A powerful earthquake shook western Indonesia for the second straight day Thursday, collapsing buildings in one coastal city and triggering a tsunami warning, meteorological agencies said. It could also be felt in neighboring Singapore, causing high-rises to sway.
The U.S. Geological Survey said the tremor had a preliminary magnitude of 7.8 and was centered 115 miles southeast of Padang, on Sumatra island, at a depth of six miles.
"Many buildings collapsed after this morning's quake," Fauzi Bahar, the governor, told El Shinta radio. "We're still trying to find out about victims.
The same area was rattled by another massive quake hours earlier, collapsing buildings, killing at least five people and sending scores to hospitals. Nations as far away as Africa put coastal areas on alert after Wednesday's jolt, but only a small tsunami hit Sumatra, the island ravaged by the 2004 tsunami disaster.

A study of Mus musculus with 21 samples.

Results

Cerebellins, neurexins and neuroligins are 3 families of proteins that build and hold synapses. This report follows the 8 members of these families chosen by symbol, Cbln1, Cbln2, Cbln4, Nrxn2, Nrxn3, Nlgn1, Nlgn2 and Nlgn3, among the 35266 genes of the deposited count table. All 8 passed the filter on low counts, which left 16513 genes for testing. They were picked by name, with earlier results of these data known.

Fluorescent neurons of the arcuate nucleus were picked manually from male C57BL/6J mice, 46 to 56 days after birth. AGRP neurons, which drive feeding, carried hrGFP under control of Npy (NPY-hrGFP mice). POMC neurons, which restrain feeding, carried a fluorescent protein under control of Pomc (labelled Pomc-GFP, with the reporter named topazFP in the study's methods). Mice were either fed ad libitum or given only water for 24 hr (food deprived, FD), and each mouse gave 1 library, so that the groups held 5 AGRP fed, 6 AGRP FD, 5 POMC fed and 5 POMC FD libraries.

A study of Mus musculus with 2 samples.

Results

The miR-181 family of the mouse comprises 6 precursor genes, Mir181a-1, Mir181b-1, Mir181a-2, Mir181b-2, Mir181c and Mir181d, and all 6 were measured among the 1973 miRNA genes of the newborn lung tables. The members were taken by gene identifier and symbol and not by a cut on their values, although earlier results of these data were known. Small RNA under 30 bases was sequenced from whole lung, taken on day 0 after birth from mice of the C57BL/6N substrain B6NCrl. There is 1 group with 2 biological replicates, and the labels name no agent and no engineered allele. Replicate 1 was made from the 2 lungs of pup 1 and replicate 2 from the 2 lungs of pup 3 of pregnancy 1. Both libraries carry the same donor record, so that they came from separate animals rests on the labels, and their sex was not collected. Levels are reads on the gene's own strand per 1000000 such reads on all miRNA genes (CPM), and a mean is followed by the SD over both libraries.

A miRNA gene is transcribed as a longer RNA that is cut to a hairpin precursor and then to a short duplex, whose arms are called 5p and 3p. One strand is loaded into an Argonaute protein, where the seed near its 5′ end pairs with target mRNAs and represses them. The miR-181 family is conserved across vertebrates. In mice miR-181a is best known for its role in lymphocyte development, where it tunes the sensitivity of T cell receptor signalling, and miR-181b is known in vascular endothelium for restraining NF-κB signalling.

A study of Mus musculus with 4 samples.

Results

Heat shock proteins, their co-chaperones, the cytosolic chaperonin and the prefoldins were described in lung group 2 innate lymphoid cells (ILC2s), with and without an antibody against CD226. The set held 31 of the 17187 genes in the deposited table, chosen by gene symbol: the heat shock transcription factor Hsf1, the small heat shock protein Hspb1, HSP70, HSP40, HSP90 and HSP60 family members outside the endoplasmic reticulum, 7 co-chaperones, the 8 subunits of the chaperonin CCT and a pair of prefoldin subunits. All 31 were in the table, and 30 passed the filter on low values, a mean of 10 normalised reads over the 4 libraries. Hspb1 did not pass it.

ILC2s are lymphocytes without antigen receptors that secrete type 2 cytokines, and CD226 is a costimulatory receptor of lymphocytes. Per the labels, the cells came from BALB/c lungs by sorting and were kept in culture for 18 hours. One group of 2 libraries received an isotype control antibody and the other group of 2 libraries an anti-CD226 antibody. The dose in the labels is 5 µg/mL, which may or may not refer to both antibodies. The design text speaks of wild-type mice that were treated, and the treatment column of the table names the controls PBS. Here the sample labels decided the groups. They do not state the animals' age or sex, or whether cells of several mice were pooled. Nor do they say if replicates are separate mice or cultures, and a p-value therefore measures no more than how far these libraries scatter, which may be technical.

Frightened people fled their homes and ran inland Wednesday, fearing a repeat of the 2004 earthquake and tsunami that struck a dozen nations around the Indian Ocean, killing an estimated 230,000 people.
"Everyone is running out of their houses in every direction," Wati Said reported by cell phone from Bengkulu after Wednesday's 8.4 magnitude quake. "We think our neighborhood is high enough. God willing, if the water comes, it will not touch us here ... Everyone is afraid."
One witness, Budi Darmawan, said a three-story building near his office fell. "I saw it with my own eyes," he told El Shinta radio.